Read this article or the cute goat gets it
Got your attention? Here, local chef Molly Martin sits down to chat with Lauren Palmer about the city’s role in her vibrant farm
Thursday 24 February 2022 By Molly Martin Photography by Allister Ann
Nashville is a chameleon. She contradicts herself; she contains multitudes. She has reinvented herself in countless ways since I first arrived here in 2006, but like the work of every great artist, there is a through line that unites the variable threads, and for Nashville it’s a certain small-town sensibility, a place where you can connect and feel known. Despite phenomenal growth, countless ‘It City’ headlines, and a near constant influx of casual visitors and permanent transplants, the daily heartbeat remains the same: a fervent exchange and support of creative ideas.
No matter what you’re into, there is a high likelihood you can find your tribe here. If you are willing to take a risk and give something your best shot – be it a new business, an art show, a pop-up food concept, a farmer’s market, a dance party, an app – Nashville will show up, show out, and cheer you on. We co-conspire and collaborate with an ease that feels like the truest expression of what folks like to call ‘Southern hospitality’.
I can think of few better examples of this than the magic Lauren Palmer is building at Bloomsbury Farm. We first met around the time I just started cooking, and she had just started growing. Lauren’s family motto is: ‘Bloom where you are planted’. I’ve loved watching her put this into practice for the past 13 years, and I can’t wait to see what blooms within the community of Soho House Nashville with so many passionate people like her in the mix.
We recently sat down to chat about what connection and community look like in our town.
Molly Martin: ‘I’ve always felt like Nashville is a place where people are eager to connect and support wild ideas. Do you feel that support has shaped the vision for Bloomsbury?’
Lauren Palmer: ‘I welcome all the new growers coming to town – the farming community, as well as the restaurant industry are very welcoming. I’m happy to be in the food business; we can commiserate and brainstorm at the same time. We’re all in it for good eats and hard work. That’s definitely the mentality; we hustle but damn, we eat good.’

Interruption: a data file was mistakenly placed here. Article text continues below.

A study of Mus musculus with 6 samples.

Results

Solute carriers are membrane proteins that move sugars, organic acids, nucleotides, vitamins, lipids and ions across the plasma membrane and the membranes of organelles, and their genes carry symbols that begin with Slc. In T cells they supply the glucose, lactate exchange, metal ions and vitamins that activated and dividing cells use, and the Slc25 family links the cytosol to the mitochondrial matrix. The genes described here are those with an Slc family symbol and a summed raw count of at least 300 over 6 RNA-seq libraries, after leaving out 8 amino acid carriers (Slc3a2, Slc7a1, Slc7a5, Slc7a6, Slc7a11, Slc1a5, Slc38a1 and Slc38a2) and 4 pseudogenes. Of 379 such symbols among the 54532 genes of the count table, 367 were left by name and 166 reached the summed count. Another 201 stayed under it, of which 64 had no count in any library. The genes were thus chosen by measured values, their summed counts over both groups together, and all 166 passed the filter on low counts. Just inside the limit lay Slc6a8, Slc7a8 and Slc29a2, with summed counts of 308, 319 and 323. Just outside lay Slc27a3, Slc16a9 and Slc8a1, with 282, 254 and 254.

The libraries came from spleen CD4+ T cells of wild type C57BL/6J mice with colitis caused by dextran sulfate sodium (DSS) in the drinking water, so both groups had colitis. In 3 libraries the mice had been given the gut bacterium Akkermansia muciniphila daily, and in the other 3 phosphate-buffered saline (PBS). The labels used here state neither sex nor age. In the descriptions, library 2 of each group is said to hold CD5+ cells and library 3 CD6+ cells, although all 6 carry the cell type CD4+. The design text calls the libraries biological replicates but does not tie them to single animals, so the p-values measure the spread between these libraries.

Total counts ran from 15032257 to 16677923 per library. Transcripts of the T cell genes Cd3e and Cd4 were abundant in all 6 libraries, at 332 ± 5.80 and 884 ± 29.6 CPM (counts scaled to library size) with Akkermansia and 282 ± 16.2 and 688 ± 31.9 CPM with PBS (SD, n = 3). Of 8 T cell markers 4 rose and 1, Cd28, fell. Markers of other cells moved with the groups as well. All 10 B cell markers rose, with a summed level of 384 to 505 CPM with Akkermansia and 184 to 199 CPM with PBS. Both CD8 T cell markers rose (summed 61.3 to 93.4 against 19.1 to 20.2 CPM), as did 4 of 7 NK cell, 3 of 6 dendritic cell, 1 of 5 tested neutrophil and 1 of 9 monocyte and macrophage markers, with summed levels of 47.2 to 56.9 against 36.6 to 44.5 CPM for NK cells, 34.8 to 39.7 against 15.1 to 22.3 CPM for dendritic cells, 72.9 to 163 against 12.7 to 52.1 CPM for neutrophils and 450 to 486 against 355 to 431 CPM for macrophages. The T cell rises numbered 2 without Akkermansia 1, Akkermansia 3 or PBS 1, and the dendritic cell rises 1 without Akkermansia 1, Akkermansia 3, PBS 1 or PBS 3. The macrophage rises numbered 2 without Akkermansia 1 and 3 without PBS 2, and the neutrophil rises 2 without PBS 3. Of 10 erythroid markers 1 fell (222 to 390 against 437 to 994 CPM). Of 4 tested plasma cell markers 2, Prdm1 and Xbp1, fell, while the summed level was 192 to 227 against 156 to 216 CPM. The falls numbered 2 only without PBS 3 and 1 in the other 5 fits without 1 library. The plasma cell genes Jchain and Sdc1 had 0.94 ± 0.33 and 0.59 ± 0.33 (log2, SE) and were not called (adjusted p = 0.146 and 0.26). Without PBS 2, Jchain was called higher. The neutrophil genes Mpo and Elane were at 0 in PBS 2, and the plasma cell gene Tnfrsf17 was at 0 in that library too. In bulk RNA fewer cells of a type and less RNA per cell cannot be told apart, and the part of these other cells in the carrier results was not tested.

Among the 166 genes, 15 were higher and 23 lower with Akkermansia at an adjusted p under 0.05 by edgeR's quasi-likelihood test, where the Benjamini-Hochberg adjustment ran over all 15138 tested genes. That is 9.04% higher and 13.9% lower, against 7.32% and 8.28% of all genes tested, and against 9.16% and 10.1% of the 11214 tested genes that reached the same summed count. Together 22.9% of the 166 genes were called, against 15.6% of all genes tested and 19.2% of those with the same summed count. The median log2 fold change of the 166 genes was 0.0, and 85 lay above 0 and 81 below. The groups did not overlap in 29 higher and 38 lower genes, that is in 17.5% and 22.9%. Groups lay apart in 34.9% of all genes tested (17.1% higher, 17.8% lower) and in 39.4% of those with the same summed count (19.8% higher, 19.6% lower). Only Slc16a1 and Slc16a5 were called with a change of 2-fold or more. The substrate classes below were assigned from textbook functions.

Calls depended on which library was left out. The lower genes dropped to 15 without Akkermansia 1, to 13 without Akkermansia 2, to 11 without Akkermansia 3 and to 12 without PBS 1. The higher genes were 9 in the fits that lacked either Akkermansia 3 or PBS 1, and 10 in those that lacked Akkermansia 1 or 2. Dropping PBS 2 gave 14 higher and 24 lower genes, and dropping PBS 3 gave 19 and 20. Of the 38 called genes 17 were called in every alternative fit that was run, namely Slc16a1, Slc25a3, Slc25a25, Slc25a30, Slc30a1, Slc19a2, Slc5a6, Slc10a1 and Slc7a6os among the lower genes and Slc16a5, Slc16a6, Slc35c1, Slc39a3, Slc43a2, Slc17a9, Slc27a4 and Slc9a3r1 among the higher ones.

MM: ‘Watching you build your business from those early days of just wheatgrass and sprouts, it seemed like an active collaboration with the chef scene. You were always growing things that other people weren’t, different varietals. At that time, farmers came to the back door of the kitchen, offering, “Here’s what I got. Do you want it?” But I felt like you were intentional – “What do you want? What are you into? I’ll grow it.”‘
‘There is a through line that unites the variable threads, and for Nashville it’s a certain small-town sensibility, a place where you can connect and feel known’
LP: ‘I still very much operate that way. I want to have that relationship, that collaboration, not only with the chefs, but at the farmer’s market. People would tell me, “My grandmother used to grow this thing. Can you grow it?” And I say, “Absolutely, let’s do this together.” That’s what hospitality means to me.’
MM: ‘From what you grow, to the kinds of community events you’re organising at the farm, you have an intuitive sense about what people need and a natural way of inviting people in. Farm Fridays are the perfect example. They grew quickly from a few people picking up CSAs, to a weekly party for 100 with families and friends, and dogs and food trucks.’
LP: ‘Yeah. It’s part of a long line of never saying no. Farm Fridays started with one customer who lived five houses down and didn’t want to drive to Franklin to shop; then it was five, then 10, and I was finally like, “OK, let’s do this. Let’s have a beer on tap, let’s have Edgar slinging some tacos – bring a picnic, let’s party. I get such joy because I’m essentially having friends come to my house every Friday.
‘I’m here for more with Soho House. There are so many possibilities. The first night I met some of the crew, I couldn’t sleep, just imagining all the cool things that are going to happen. It’s there for the taking and it’s all in one spot.’
MM: ‘Yes. I loved getting to be part of the Art Walk event they put together. They said, “What do you want to make?” and just let me run wild with ideas, no edits. Every room I entered was the most diverse room I had been in for years – vibrant, interesting, joyful people and animated conversations. It was very much the vibe we’ve been talking about, like, “Yeah, that sounds fun, let’s do it. Let’s throw things at the wall and see what happens.”’
For more information on Soho House Nashville, click here.